When Evie Snow passes away at eighty-two, she finds herself outside of the apartment she lived in during her late twenties. In fact, she's now twenty-seven again, and faced with a door that refuses to open. A door, she's told, that will lead to her own private heaven. She learns that to enter, her soul needs to be light enough, and so she has to lose the weight of the secrets she's kept throughout her entire life. So she sets out, as a spirit, to unburden herself of the secrets, and pass messages to those who require it.
Evie has to venture back through her life and loves in order to finally pass through to the afterlife. Which means revisiting those she has loved - and lost. As a woman born into a very wealthy family, Evie's mother had hopes of her daughter marrying the son of their equally rich friends - a son who has always loved Evie, but who Evie has never loved back, only as a friend.
Evie had liked to make choices of her own, and had made a deal with her mother: that if she does not find a good job in an animation studio - her dream - within one year, then she will follow her mother's plan to marry James. However, Evie doesn't envision falling for a handsome, lovely busker from the poorer side of town. As Evie navigates her way through the afterlife, she must finally give up the secrets, and reveal the love story of her entire life before she can move on to the next one.
On the Other Side is a very romantic tale; romantic in a magical kind of way. Less of a sugary love story and more like a fairytale, which I personally loved. However, there were some issues with this book that prevented me from giving it a higher rating.
First of all, the time period of this novel was not specified; Evie died at eighty-two, yet the world she lived in during her twenties seemed no different to the modern day, besides certain things, such as her workplace, which was described as being inhabited by seedy men who would think nothing of slapping a woman on the backside. The relationship with her family and the idea of an arranged marriage led me to assume that the novel was set some fifty or more years ago (possibly even the 1930s), which would ring true, however other aspects in the book seemed more modern, such as fashion, and references to sexuality which seemed to be widely accepted, even though, back then, it would not have been so simple.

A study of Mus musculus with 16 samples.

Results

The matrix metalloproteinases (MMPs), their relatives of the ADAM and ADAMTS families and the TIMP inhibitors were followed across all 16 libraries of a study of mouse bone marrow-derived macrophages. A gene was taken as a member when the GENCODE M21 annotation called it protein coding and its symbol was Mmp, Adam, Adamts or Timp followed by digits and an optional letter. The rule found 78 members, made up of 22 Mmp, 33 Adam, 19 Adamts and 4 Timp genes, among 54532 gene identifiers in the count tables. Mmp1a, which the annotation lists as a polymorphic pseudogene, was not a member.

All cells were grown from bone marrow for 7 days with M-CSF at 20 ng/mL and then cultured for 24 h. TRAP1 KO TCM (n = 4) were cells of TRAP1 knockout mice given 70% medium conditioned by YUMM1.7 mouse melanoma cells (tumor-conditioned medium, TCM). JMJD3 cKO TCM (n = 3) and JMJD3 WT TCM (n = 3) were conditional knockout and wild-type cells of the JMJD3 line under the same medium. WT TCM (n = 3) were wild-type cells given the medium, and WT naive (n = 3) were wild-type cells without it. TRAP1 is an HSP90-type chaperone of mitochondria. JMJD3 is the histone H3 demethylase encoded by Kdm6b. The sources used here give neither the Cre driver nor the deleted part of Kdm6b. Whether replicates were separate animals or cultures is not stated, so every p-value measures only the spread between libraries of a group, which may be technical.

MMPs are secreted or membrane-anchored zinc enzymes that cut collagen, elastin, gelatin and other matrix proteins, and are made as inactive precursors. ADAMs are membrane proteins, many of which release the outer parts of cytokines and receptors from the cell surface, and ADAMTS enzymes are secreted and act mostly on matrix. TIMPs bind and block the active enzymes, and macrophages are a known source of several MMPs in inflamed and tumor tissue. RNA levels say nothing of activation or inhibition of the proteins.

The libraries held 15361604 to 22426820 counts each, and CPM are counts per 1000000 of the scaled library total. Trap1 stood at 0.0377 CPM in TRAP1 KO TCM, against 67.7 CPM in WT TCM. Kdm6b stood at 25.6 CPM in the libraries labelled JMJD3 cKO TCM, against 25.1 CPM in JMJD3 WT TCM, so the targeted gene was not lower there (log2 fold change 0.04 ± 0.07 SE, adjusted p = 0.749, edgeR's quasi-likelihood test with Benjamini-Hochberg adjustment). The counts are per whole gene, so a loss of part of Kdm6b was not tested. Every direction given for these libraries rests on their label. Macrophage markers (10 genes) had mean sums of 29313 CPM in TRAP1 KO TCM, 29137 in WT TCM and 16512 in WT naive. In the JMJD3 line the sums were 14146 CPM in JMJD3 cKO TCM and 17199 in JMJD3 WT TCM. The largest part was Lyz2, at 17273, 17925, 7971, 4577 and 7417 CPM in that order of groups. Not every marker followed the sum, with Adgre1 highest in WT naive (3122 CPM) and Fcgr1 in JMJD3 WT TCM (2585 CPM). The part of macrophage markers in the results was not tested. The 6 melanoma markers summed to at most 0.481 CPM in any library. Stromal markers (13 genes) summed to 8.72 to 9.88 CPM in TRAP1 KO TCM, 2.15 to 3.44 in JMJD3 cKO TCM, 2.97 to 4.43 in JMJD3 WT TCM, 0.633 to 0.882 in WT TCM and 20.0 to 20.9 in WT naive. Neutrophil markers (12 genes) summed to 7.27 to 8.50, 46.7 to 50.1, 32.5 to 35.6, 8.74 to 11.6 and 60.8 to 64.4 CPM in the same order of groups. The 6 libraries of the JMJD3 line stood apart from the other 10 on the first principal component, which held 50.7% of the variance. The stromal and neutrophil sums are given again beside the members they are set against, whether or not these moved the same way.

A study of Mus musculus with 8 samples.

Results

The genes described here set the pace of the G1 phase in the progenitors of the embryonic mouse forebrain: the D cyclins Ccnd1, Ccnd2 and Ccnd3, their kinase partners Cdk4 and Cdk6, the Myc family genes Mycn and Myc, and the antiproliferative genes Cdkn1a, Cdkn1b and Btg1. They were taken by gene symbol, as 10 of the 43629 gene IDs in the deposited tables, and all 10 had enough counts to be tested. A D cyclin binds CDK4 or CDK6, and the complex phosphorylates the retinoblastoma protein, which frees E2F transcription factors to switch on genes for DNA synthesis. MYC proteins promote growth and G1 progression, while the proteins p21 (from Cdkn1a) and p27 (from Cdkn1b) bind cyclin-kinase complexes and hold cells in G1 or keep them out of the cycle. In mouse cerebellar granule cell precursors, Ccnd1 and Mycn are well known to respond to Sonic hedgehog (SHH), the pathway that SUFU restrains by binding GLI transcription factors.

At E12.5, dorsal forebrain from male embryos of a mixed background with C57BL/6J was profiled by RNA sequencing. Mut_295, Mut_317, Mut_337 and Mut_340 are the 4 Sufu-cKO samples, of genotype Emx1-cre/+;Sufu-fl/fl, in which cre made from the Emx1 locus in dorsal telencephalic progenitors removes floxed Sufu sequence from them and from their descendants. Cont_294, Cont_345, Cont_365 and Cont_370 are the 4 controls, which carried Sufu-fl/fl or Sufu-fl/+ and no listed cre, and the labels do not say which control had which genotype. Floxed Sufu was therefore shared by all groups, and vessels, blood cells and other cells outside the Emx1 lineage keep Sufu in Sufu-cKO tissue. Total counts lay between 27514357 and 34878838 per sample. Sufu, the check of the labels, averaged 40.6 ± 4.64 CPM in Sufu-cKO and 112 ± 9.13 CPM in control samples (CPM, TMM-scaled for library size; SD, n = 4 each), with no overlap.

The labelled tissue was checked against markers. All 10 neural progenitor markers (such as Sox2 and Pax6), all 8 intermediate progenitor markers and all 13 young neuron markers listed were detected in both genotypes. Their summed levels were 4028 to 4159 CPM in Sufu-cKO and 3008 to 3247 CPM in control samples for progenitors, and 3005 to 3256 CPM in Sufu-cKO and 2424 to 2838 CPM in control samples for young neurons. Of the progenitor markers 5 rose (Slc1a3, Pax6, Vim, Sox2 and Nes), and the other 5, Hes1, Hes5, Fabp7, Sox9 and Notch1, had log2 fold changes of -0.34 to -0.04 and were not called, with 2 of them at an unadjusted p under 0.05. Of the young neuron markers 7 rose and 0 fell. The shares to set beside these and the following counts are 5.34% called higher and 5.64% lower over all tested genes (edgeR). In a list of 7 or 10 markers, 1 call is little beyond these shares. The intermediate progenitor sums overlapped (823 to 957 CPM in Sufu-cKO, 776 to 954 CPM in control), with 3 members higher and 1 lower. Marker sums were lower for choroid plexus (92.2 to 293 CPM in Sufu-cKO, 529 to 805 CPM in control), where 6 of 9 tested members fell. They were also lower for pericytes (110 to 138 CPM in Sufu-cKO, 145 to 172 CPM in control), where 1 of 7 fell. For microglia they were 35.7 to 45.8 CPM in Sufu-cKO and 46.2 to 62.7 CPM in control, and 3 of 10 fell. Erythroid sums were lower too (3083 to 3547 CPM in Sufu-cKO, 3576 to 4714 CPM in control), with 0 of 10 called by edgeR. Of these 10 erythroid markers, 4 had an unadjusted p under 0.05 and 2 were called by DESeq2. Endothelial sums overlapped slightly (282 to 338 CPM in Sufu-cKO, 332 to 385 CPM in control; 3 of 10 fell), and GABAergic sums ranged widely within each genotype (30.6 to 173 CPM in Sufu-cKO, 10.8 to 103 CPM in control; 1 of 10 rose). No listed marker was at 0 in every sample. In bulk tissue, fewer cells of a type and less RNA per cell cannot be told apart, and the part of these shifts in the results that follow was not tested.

This became confusing, not to mention grating, leaving me wondering whether this was deliberate, as it is in some books. However, it was so unclear that instead it just seemed less deliberate, and more likely that the author simply didn't do her research.
Which leads me to the second issue: Evie's mother. Given Evie's desire to be independent, to leave her home with its maid and cook and butler and live in her own apartment, I found it hard to believe that such a supposedly strong-minded woman in her late twenties would still go along with her mother's plan in the first place. Why did she not refuse, early on? If her love was so strong, why did she not be honest with her mother and simply refuse to marry?
These problems did spoil the book for me quite a bit, as they distracted from what would have been a warm, emotional love story. And it was - it wasn't predictable, and the revelation of Evie's secrets and kept me reading until the end. If you can ignore the problems with some of the novel, it's a sweet, modern fairytale.
Thank you to Netgalley for providing a copy of this book in exchange for an honest review.